Triiodothyronine is the active thyroid hormone produced by de-iodination of the precursor thyroxine that is necessary for the growth of prostate cancer cells in vitro. For this reason we assessed serum triiodothyronine levels in men with localized prostate cancer, benign prostatic hyperplasia (BPH) and controls in the same age group.
Materials and methods: We studied 161 men referred for treatment of localized prostate cancer, 20 with BPH and 27 controls. Serum triiodothyronine was determined by fluorometric immunoassay and a commercially available instrument.
Results: Men with BPH had the highest triiodothyronine levels, followed by those with prostate cancer. Controls had the lowest triiodothyronine. There was significant triiodothyronine variation among the 3 groups (1-way ANOVA p = 0.001). In men with BPH serum triiodothyronine was significantly different from that in men with prostate cancer (Tukey's multiple range test p = 0.013). Men with prostate cancer had serum triiodothyronine that was significantly different than in controls (p = 0.048), as did those with BPH (p <0.001). Because serum triiodothyronine normally decreases with age, we performed multivariate analysis of variance controlling for age. There was a significant decrease in serum triiodothyronine with age (p = 0.020). There was also significant triiodothyronine variation among the 3 subject groups independent of age (p <0.001).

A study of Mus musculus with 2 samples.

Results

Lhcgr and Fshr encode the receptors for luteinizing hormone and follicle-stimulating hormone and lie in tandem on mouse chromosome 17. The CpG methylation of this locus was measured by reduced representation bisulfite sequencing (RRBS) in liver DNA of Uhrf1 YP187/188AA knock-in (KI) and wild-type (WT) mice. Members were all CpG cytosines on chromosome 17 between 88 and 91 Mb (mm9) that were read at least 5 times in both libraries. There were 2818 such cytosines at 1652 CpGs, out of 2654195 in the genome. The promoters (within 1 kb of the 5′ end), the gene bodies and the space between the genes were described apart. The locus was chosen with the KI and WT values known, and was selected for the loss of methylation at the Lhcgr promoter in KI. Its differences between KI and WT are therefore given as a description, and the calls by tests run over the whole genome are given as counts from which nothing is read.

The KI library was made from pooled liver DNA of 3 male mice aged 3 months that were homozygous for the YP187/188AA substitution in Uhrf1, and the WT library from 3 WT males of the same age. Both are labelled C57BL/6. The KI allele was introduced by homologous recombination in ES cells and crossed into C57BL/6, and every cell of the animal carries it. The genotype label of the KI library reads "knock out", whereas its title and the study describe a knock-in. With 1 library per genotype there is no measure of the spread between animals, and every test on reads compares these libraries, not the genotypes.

Conclusions: Urologists are actively seeking additional biomarkers of prostate cancer aggressiveness. Many prostate cancers are quite indolent and may never cause a problem but it is impossible to identify such tumors with certainty. With more and better biomarkers many older men with prostate cancer may be spared the rigors of radiation therapy and/or surgery as well as complications. Triiodothyronine may be such a biomarker. Also, new prostate cancer and BPH therapies may be directed toward inhibiting the mitogenic effects of triiodothyronine.